Cocaine deaths up in U.S. and opioids are a big part of it, according to CDC report.

Cocaine deaths have been rising in the United States, amid the nation’s deadliest drug overdose epidemic, US health officials have said in a new report.

After several years of decline, overdose deaths involving cocaine began rising around 2012 and they jumped by more than a third between 2016 and 2017, researchers at the US Centers for Disease Control and Prevention (CDC) said Thursday.

About 14,000 deaths from cocaine were recorded in 2017, according to the report.

The increase at least partly reflects trends in deaths from heroin, fentanyl, and other opioid drugs, the CDC said.

The researchers found that nearly three-quarters of the deaths involving cocaine in 2017 were among people who had also taken opioids.

But deaths involving cocaine alone also increased, said Lawrence Scholl of the CDC, one of the study’s authors.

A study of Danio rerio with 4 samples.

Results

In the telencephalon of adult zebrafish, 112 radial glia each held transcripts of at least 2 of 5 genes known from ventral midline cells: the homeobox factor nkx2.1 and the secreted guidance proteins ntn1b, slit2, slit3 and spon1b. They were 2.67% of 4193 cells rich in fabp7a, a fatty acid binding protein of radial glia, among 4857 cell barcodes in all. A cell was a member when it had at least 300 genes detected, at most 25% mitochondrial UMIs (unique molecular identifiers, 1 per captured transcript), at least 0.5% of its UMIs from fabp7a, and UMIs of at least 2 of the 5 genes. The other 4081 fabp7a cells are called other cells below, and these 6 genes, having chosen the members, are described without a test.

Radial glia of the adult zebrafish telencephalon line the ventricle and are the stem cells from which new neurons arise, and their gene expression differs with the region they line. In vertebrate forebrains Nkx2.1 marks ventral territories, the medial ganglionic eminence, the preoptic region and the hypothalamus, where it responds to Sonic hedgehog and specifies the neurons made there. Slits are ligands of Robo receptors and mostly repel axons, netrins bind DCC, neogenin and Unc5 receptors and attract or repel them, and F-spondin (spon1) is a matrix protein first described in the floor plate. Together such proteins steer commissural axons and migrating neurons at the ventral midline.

Ohio was the state with the highest cocaine death rate, but the largest relative increases were seen in Wisconsin and Maryland.

US health officials say about 70,000 Americans died of drug overdoses in 2017. Nearly 48,000 involved at least one type of opioid.

About 28,000 deaths involved fentanyl or some other kind of synthetic opioid, 15,500 involved heroin, and 14,500 involved prescription opioid painkillers.

The new report goes through 2017, the last year for which complete statistics are available.

Some preliminary data from the CDC suggests that deaths from cocaine continued to rise early in 2018.